Anti-Tank Gun Pak-40
|Kit #: 6257||Construction review by Rob Haelterman|
The Pak 40 became operational in February 1941 and was produced up until the end of the war. Early versions had stamped dish wheels like the Pak 38 and a Lenkrad (literaly: steering wheel) for easier manoeuvring. Later wheels were of the open type and had 6 or 8 spokes of varying designs. In 1943 the pneumatic brakes of the gun were omitted from the design. Very late guns (called FK40) had a modified gun shield to allow for indirect fire. The standard towing vehicle was the Sd.Kfz.11, or later the RSO, but other vehicles (like an Sd.Kfz.6 or Sd.Kfz.10) were sometimes used .
The kit contains two rather big sprues in the (by now familiar) softish, but very gluable plastic. A large chunk of these sprues is taken up by a base and a wargaming flag. While the latter is of little use to the display modeler (except as a source of scrap plastic), I found the base to be very useful as a rig when assembling the model. You also get three figures. They have a very realistic anatomy and lively poses but as they come in multiple parts, there will be rather important seams to that need to be cleaned up and detail to be restored in its vicinity.
While Zvezda gives you the option of building the gun in firing or in transport mode, only the former can be chosen without any form of modification as the handles on the recoil spades need to be folded back and the lower shield (holding the shovel) needs to be folded up for the gun to be towed.
The kit doesn't contain anything related to the brakes (pressure cylinders or brake drums), has the convex eight spoke wheels, late style recuperator housing, and the most common type of muzzle brake. (See Al Magnus' review of the Dragon Pak 40 for more details.) This points to a gun produced in 1943, or later. Logically then, it also comes without a Lenkrad. When it comes to painting, this leaves you with no choice but to have the gun finished in dark yellow, with or without additional green or brown camouflage.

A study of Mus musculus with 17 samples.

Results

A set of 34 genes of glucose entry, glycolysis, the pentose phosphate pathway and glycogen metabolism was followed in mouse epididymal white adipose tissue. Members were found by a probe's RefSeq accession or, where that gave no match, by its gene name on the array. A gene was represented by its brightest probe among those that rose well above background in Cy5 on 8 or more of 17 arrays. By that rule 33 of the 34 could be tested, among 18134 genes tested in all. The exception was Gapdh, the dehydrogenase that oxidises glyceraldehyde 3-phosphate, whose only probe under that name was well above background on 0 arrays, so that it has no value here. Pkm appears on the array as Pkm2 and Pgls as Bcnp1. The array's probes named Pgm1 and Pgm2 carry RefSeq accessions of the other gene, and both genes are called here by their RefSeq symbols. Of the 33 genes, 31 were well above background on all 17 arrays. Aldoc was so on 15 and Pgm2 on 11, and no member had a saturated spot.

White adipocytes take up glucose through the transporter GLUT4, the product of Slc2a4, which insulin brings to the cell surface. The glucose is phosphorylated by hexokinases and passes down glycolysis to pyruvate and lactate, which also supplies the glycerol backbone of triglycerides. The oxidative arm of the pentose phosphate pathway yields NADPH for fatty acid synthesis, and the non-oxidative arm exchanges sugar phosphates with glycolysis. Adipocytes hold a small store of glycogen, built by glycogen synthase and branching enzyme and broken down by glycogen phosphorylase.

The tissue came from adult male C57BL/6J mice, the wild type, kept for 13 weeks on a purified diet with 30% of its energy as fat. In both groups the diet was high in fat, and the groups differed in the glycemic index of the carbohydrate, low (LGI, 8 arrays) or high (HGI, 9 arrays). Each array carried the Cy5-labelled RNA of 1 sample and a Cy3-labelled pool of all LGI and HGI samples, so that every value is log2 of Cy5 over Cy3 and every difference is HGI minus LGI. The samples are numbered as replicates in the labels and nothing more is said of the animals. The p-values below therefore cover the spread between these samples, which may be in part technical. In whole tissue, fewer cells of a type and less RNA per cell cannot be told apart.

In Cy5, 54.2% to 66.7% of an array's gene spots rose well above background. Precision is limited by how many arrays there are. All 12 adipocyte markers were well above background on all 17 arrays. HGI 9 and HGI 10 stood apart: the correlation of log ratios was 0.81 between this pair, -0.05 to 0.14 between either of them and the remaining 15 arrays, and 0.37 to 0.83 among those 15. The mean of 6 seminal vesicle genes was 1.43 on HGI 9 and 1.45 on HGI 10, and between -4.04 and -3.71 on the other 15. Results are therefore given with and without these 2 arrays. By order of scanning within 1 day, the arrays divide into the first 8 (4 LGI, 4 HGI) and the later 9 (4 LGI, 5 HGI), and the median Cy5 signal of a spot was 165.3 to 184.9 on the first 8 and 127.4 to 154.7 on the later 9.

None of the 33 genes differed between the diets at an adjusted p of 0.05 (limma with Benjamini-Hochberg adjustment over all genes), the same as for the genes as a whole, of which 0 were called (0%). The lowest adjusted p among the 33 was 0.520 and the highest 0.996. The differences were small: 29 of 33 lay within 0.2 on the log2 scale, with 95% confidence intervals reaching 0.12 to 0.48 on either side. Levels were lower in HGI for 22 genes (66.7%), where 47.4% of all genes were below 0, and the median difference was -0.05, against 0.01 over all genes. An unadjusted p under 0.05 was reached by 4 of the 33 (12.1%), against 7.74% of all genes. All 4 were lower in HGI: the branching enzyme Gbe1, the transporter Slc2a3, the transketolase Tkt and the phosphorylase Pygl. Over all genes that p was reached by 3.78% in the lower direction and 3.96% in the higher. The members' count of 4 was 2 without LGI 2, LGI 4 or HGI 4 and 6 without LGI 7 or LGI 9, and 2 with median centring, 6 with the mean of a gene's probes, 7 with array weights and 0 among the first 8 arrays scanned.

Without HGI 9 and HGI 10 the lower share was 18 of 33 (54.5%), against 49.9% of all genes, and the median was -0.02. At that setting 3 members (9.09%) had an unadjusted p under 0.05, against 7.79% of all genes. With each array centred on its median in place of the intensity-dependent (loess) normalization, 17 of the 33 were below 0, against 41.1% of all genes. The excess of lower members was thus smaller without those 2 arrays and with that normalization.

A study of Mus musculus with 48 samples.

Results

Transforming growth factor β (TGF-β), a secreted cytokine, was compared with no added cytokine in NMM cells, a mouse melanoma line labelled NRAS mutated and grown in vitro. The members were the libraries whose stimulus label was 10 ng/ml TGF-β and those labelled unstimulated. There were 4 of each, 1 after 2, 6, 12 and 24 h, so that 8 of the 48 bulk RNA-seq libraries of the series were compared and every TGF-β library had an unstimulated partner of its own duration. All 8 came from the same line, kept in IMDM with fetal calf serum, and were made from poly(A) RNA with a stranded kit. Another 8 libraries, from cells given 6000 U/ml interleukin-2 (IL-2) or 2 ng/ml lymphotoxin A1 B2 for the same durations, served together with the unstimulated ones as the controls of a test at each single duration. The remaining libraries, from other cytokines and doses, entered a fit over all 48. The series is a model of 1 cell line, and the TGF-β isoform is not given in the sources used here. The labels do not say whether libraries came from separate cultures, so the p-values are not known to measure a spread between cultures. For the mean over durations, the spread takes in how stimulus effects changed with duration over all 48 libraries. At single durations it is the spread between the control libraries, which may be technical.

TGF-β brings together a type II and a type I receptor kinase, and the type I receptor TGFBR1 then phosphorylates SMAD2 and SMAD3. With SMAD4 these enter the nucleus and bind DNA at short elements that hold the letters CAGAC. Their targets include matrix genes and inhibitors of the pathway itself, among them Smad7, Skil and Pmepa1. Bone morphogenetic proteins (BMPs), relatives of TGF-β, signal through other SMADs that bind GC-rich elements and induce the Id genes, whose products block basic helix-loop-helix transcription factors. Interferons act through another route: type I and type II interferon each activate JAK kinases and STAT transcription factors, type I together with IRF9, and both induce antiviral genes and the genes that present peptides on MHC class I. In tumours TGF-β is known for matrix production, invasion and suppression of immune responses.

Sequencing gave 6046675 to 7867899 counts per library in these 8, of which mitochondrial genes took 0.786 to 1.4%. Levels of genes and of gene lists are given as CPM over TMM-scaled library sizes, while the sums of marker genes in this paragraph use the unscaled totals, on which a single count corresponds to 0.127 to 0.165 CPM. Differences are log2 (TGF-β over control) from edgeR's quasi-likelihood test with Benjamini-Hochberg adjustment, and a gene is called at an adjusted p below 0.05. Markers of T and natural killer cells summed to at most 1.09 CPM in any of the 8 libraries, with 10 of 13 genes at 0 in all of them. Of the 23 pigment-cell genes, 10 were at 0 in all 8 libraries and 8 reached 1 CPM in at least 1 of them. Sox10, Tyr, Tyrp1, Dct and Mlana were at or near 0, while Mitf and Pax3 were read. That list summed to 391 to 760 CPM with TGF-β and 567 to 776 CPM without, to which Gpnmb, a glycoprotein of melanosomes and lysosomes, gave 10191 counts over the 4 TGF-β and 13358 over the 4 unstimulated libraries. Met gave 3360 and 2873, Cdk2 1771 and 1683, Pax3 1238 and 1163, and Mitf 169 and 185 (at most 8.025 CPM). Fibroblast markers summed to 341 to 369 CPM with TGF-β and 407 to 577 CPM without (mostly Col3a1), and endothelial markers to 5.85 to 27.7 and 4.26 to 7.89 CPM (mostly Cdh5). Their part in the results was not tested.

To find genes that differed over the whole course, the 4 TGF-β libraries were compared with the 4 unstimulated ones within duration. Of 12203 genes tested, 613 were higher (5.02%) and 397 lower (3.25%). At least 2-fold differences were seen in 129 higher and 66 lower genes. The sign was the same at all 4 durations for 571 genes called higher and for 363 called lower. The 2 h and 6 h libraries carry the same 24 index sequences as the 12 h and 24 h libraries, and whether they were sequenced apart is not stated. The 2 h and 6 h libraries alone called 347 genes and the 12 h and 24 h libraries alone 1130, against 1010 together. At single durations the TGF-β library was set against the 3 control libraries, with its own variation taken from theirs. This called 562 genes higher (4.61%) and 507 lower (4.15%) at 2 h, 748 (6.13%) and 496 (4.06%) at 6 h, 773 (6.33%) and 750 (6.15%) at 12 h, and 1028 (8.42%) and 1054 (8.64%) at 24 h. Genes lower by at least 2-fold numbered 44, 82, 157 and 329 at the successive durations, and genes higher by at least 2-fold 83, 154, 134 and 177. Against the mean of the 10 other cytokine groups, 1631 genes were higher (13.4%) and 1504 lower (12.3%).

it comes to detail, I must say that this kit is way beyond what I
would expect from a wargaming kit, but at an extremely attractive
price. Not counting the figures, the kit consists of 41 pieces and
is quite well detailed, up to the connecting rod between the two trail
arms. Even the small brake light is there, although no wiring for
it is rendered.
the construction is straightforward with a tight fit (indeed most
parts can be pressed into place without jeopardizing the solidity),
the area around the breach is somewhat problematic. The way the kit
is engineered, there will be a seam running through the breach that
will require some very delicate filling. This area alone was responsible
for more than half of the total assembly time.
Measuring the kit against plans in , I found it to be very close to 1/72 with only the wheels perhaps a bit oversize (around 1/70).
last remark: if you want to use the display base for more than a jig,
note that the recoil spades are not nearly deep enough into the ground.
If you use it as a jig, then you should compensate for this as well,
otherwise your gun will be pointing up more than you planned when
you transfer the gun to a diorama.
 German 7,5cm Anti-Tank Gun Pak 40, Armor Photo Gallery 18, Jan Coen Wijnstok, Model Centrum Progres, Warsaw, Poland 2007 ISBN 978-83-60672-04-4
 "Marder III" Panzerjäger 38(T) für 7.5cm PaK 40/3 (Sd.Kfz.138) Part 2: Ausführung H & 7.5cm PAK 40 Mot. Zug. V. Andorfer, M. Block, J. Nelson, H.F. Duske, T. Greenland, F. Schulz & D. Terlisten. Nuts & Bolts 18.
Review sample purchased by the author.